People gather at a Brooklyn, New York, gas station during a vigil to memorialize O'Shae Sibley on Friday, August 4, 2023.
CNN  — 

A teenager pleaded not guilty Friday to nine counts in the stabbing death of a dancer who was vogueing at a Brooklyn gas station, according to court records and his attorney.

Dmitriy Popov, 17, is being charged as an adult in the killing of O’Shae Sibley, his attorney and prosecutors said. A grand jury indicted Popov Thursday for murder in the second degree as a hate crime, manslaughter in the first degree as a hate crime, weapons possession and other charges.

Defense attorney Mark Henry Pollard said his client is not guilty, is remorseful and might claim self-defense. His next court date is October 10.

The family of the suspect – his mother and grandmother – were in court and declined comment to CNN. The teen gave them a thumbs up as he exited the courtroom.

Pollard said there is nothing in his client’s past that shows he is the type of person to commit such a crime.

“I strongly suspect that we will be going self-defense, and that he had a reasonable grounds to reasonably… believe that he had to defend himself in this situation,” Pollard said.

Death was ‘tragic and senseless,’ DA says

Brooklyn District Attorney Eric Gonzalez on Thursday called Sibley’s death “tragic and senseless.”

“O’Shae and his friends were allegedly targeted, because they were dancing, they were being themselves, dancing joyfully to Beyoncé music at a Brooklyn gas station, harming no one, and refusing to stop even when confronted with anti-Black and homophobic slurs demanding that they stop dancing,” Gonzalez said.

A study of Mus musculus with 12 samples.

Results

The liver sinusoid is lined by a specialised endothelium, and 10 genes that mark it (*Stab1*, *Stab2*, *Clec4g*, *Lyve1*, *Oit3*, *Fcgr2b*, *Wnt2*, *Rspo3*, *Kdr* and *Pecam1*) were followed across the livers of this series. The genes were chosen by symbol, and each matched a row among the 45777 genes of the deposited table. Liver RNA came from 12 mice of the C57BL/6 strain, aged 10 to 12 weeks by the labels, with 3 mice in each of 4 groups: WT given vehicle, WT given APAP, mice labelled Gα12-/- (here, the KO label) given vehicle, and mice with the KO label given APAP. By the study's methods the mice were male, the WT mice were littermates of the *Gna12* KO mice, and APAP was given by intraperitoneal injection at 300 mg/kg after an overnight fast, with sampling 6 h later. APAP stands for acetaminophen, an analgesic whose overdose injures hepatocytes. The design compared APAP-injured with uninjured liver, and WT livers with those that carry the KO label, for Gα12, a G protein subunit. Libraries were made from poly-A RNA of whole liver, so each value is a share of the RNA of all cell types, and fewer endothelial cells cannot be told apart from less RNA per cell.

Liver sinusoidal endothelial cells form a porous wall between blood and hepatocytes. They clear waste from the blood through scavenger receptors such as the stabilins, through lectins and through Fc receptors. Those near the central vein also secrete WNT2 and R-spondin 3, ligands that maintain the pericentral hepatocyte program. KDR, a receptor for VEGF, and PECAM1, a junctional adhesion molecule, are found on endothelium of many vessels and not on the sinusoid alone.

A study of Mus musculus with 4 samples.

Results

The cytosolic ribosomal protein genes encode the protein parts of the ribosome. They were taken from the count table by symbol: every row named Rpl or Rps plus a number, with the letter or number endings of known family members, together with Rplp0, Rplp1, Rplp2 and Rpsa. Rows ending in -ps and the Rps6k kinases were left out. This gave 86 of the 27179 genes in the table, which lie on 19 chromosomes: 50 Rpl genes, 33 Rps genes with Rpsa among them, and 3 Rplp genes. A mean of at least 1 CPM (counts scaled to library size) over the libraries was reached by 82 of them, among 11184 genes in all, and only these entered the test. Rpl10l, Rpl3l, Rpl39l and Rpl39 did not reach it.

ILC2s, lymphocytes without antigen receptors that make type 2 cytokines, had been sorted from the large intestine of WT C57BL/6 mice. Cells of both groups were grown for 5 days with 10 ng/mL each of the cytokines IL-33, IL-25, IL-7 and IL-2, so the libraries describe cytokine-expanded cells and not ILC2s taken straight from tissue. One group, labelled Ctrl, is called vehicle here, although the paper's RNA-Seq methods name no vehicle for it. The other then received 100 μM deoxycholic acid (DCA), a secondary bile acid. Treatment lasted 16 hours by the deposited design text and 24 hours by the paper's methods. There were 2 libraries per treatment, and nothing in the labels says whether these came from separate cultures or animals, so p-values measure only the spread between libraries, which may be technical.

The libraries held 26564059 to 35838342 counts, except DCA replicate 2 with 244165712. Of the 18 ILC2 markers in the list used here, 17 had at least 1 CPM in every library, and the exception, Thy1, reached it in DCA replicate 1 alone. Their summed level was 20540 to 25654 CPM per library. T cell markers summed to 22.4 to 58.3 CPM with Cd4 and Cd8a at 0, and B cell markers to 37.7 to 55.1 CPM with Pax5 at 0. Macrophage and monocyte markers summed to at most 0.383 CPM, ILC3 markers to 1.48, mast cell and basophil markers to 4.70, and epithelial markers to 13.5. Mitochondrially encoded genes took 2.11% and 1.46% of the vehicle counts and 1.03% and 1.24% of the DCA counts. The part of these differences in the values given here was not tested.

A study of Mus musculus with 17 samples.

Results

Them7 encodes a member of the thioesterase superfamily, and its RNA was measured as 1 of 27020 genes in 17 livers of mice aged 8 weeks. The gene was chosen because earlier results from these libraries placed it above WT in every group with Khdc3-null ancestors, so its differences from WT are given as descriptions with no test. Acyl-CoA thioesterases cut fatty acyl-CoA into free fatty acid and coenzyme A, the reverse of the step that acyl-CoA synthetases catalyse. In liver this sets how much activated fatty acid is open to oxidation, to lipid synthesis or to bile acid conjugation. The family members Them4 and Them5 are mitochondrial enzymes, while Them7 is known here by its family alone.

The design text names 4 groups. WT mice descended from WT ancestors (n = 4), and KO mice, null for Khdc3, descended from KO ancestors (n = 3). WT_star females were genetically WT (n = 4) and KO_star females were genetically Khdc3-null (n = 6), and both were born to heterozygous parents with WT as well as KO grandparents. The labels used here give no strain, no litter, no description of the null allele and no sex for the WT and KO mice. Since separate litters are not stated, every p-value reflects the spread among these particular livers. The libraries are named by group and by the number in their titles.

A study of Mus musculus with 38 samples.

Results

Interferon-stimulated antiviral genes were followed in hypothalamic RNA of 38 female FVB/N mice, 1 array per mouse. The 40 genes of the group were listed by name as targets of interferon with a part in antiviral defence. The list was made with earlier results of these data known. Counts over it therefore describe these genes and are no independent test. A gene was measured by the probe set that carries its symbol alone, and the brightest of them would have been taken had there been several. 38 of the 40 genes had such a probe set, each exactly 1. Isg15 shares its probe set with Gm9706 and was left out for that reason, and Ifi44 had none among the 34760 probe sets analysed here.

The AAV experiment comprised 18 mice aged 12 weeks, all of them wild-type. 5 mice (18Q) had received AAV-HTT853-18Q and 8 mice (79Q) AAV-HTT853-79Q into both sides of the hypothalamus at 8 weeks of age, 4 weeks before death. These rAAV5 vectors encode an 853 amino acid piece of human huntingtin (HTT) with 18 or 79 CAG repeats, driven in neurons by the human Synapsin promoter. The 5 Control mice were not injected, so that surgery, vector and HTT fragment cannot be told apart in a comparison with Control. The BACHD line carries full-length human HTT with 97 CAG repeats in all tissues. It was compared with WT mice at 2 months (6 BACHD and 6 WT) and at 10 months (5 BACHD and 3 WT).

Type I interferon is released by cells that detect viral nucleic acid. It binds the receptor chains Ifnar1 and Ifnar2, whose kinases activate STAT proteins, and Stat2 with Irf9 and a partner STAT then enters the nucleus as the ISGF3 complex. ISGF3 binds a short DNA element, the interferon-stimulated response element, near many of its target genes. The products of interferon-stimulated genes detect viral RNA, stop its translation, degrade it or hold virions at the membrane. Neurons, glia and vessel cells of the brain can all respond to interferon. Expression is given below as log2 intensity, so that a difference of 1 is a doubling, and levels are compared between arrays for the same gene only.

Sibley, 28, was approached on July 29 by a group of men who allegedly began shouting homophobic slurs. An altercation broke out and Sibley was stabbed in the chest. He was transported to a nearby hospital where he was pronounced dead.

“The entire community has been victimized by this senseless victimization of Mr. Sibley. This crime, while clearly impacting his family and loved ones, have impacted the entirety of Brooklyn, and the entirety of the city and I dare say the entire nation,” Gonzalez said.

“The allegations made against this 17-year-old are of tremendous import to this city and to this country and I’m assuring the community that we are taking this case very seriously and we’re going to make sure that justice prevails in this case.”

Many witnesses have come forward, according to the DA. “We believe that there were two groups confronting each other and the group that Mr. Sibley was in was the people who were being assailed with anti-gay and anti-Black statements,” Gonzalez said.

The DA refused to answer if any more people would be charged over the incident.

“O’Shae came to New York to follow his dream, like many New Yorkers,” Gonzalez said. “He came here, he was a choreographer, he was a dancer, he was here to shine a light on himself and really shine a light on this community and New York City and his light was shut off, he was killed, for senseless reasons that I think have to be addressed.”

‘Obviously he’s sorrowful,’ defense attorney says

Regarding his client’s mental state, Pollard said, “Obviously he’s sorrowful, he’s sad, he’s afraid as he should be at 17 years old, but he… has faith and he prays and he has great family support and he’s hanging in there.”

“He regrets what happened, certainly does, but that doesn’t mean he’s guilty of a crime – those are two different things,” Pollard said.

Popov lives with his mother, has maintained two gig jobs and is going to be a high school senior, according to Pollard.

Pollard said Popov also has many Black friends and a Black sister-in-law.

“I just don’t see an anti-Black thing going on here,” Pollard said.

Pollard said, to his understanding, his client did not utter any slurs.

Popov is being held at a juvenile facility in Brooklyn, his attorney said.

Before the brief arraignment wrapped up Friday, Judge Craig Walker said to Popov that while he’s in the facility, “I’m expecting you to take advantage of whatever programs they have there for you.”

The judge added, “Most importantly stay out of trouble. It’s surprisingly easy to get in trouble at the facility and you don’t need anything else going on.”